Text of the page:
It’s not the people; it’s the system.
Or, it’s the complete lack of a system. Take your pick.
What if every time you decided to drive to work you had to figure out how to do it? No, I don’t mean choosing the best route, I mean figuring out HOW to get to work.
Let’s say you get in your car, and start your trip by choosing which side of the road you want to drive on. Heck, why choose? Just drive on whatever side of the road fits the moment! Then, forget about having any expectations from the other drivers on the road. They’re all doing the same thing!
While you’re figuring things out, use a blinker when your turning sometimes, and other times just for fun. Turn left across oncoming traffic because it suits YOUR needs and no one else’s. Just be aware that you are not the only one making these incredibly irrational decisions. Other people with other motives and vastly different skill sets are navigating the roads along with you!
And like you, they’re are ALL making it up as they go along.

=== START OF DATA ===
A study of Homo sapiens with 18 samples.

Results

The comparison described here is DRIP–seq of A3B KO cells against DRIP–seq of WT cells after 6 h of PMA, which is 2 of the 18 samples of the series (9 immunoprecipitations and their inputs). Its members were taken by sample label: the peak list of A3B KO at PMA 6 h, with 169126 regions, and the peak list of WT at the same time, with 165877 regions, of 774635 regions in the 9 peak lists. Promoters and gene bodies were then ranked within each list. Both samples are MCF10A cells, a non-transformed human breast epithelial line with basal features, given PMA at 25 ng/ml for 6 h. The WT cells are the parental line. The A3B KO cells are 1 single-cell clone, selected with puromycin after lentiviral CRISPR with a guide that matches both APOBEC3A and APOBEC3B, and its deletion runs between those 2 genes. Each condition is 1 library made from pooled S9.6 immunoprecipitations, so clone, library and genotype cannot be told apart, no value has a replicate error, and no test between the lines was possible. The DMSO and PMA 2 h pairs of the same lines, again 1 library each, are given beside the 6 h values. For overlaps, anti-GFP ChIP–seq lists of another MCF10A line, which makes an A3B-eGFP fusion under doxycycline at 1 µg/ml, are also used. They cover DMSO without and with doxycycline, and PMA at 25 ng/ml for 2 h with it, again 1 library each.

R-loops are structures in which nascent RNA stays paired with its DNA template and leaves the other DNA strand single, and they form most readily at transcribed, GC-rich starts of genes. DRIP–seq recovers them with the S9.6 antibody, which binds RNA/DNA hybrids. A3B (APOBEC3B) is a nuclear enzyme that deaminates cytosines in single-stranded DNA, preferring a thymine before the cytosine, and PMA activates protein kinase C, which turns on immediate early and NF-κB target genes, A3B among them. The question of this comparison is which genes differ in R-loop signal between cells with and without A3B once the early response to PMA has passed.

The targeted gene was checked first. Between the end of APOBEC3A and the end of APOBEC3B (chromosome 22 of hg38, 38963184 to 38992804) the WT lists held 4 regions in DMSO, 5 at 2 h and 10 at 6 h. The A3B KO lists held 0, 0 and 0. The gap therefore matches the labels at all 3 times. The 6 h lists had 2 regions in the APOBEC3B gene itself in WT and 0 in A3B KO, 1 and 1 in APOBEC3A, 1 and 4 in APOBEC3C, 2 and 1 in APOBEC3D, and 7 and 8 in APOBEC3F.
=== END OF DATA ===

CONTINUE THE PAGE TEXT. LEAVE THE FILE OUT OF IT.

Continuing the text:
Sounds crazy right???
When we choose not to create systems for the work we do in our organizations, we are setting ourselves up to experience our very own version of the same chaos.
You can’t work on the things that matter most, where your skills and experience make the biggest difference, instead, you have to spend time and energy on things that should have been systematized LONG ago.
You can’t trust that others are following the same rules of the road because there aren’t any. You have to ask questions that shouldn’t need asking to avoid unnecessary conflict and rework. You have to work twice as hard because anything goes!
And it’s exhausting!
But what if we had some rules of the road? What if we agreed that next time we worked on a project or performed a routine task, we wrote out the process? What if we did so without constricting people so that they can still bring their best to the table? And dare I ask, what if that process served as the starting point for continuous improvement?
Just like when you drive to work, the rules GUIDE us through our decision making. You can still use your skills and experience to choose how we do the work, as long as we agree to some rules that make it easier on everyone. We just have to choose to make those rules.
When we do that, everyone has a better chance of making it through the day unscathed.